Indiana Governor Eyes 'iNflationary Relief,' Not Gas Tax Cut

FILE - Indiana Gov. Eric Holcomb speaks with reporters at the Indiana Statehouse in Indianapolis Feb. 23, 2022. Indiana Republicans aren't showing signs of putting the brakes on rising state gasoline taxes even as the state government continues its streak of fast-growing tax collections. Democrats have been calling over the past week for Republican Gov. Eric Holcomb to issue an emergency order suspending the gas tax or for the GOP-dominated Legislature to do so when lawmakers hold a one-day meeting next week. (AP Photo/Tom Davies)
FILE - Indiana Gov. Eric Holcomb speaks with reporters at the Indiana Statehouse in Indianapolis Feb. 23, 2022. Indiana Republicans aren't showing signs of putting the brakes on rising state gasoline taxes even as the state government continues its streak of fast-growing tax collections. Democrats have been calling over the past week for Republican Gov. Eric Holcomb to issue an emergency order suspending the gas tax or for the GOP-dominated Legislature to do so when lawmakers hold a one-day meeting next week. (AP Photo/Tom Davies)

Democrats have been calling since March for a temporary gas tax suspension, only to be rebuffed by Republican Gov. Eric Holcomb and the GOP-dominated Legislature.

Holcomb said it would be “misguided” to cut the 56 cents per gallon in state taxes on gasoline and agreed with Republican legislative leaders that doing so would be an inefficient way of getting financial help to people across the state.

Supporters of a gas tax cut argue the state can afford such a move as its state tax collections have surged about 12% from a year ago, potentially pushing state cash reserves from last year’s record level to $3.9 billion to about $6 billion by the end of June.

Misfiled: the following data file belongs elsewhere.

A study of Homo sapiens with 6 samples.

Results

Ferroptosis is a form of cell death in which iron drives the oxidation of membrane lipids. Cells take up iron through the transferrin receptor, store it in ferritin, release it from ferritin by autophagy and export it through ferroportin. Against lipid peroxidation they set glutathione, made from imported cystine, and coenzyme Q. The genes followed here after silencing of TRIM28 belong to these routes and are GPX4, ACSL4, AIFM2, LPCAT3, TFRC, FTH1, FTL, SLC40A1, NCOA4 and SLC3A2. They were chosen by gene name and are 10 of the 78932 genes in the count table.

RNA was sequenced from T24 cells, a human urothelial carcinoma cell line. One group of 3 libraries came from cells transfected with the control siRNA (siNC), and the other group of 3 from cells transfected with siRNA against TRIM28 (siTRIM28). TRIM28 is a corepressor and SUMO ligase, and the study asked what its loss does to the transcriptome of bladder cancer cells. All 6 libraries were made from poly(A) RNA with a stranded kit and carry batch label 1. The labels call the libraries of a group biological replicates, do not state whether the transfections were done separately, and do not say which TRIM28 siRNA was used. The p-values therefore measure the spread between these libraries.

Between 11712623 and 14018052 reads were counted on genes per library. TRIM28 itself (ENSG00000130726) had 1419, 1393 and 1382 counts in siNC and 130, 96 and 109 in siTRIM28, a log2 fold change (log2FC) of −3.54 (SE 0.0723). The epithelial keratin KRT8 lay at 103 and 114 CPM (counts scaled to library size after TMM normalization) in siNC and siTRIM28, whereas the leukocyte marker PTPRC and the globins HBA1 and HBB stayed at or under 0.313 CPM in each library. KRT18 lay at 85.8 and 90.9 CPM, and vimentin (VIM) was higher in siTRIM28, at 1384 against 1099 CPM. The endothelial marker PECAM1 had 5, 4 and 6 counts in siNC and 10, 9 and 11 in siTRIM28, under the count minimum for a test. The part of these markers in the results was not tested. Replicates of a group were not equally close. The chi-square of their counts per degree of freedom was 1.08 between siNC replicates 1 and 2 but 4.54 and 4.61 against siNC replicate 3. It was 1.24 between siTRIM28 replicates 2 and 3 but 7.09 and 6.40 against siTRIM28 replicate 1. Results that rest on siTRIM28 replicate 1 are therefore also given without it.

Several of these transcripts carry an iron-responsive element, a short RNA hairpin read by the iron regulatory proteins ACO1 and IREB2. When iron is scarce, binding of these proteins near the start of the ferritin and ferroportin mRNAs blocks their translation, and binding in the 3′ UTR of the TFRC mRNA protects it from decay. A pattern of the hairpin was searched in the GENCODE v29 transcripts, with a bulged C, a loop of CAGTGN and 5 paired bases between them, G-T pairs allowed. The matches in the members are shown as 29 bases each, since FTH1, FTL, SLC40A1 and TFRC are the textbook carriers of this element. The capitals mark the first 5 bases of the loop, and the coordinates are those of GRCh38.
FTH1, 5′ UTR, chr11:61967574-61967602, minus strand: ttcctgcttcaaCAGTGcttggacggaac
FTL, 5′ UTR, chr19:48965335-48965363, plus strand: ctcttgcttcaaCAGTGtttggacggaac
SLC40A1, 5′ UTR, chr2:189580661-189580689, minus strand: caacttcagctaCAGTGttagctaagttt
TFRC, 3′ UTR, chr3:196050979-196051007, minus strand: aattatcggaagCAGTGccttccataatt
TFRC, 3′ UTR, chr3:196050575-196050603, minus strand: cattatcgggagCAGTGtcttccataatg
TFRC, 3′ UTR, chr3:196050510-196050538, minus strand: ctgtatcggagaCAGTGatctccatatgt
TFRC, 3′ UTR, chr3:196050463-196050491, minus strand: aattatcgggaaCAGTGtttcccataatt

Holcomb said he expected to release a plan in early June for what he called “inflationary relief” but provided no details.

“I want to make sure that relief gets exactly to Hoosiers who are feeling the sting of this national inflation,” Holcomb said.

Republican Senate President Pro Tem Rodric Bray said even if the state gas tax was suspended, there is no guarantee that pump prices would be cut by the full amount.

“Additionally, you’ve got people coming in from out of state who use our roads and help to pay for them who would benefit from that, as well as large companies,” Bray said Tuesday. “So trying to get money back into Hoosiers’ hands, it’s not a great way to do it.

Indiana had an average pump price of $4.58 for a gallon of regular as of Wednesday, down a couple cents from last week but up from $3.92 a month ago, according to AAA.

Republicans disregarded requests from Democrats to take action on the gas tax as lawmakers held a special one-day meeting Tuesday to override Holcomb’s veto of a bill banning transgender females from competing in girls school sports.

House Democratic Leader Phil GiaQuinta of Fort Wayne said Republicans were being “silly” to argue that Indiana motorists wouldn’t see enough savings with a gas tax suspension.

“Real Hoosiers that are driving Indiana roads will save money at the pump and it’ll affect their wallets,” GiaQuinta said. “It’s a good idea to do it.”

Republicans say they are assisting residents already with the $125 payments being made this spring to Indiana taxpayers under the state’s automatic taxpayer refund law and the plan approved by the Legislature in March to gradually cut the state individual income tax rate of 3.23% to 2.9% beginning next year until its planned full implementation in 2029.

“We could consider something along the lines what we did on the automatic taxpayer refunds,” Republican House Speaker Todd Huston said. “I just want to make sure that what we do impacts all Hoosiers, including those that don’t drive a lot but that are going to the grocery store or seeing the increases in their utility costs.”

Holcomb didn’t specify whether his proposals would lead to him calling legislators into a special session since this year’s regular session concluded in March.

“It’ll depend on how creative we are,” Holcomb said. “But it very well could.”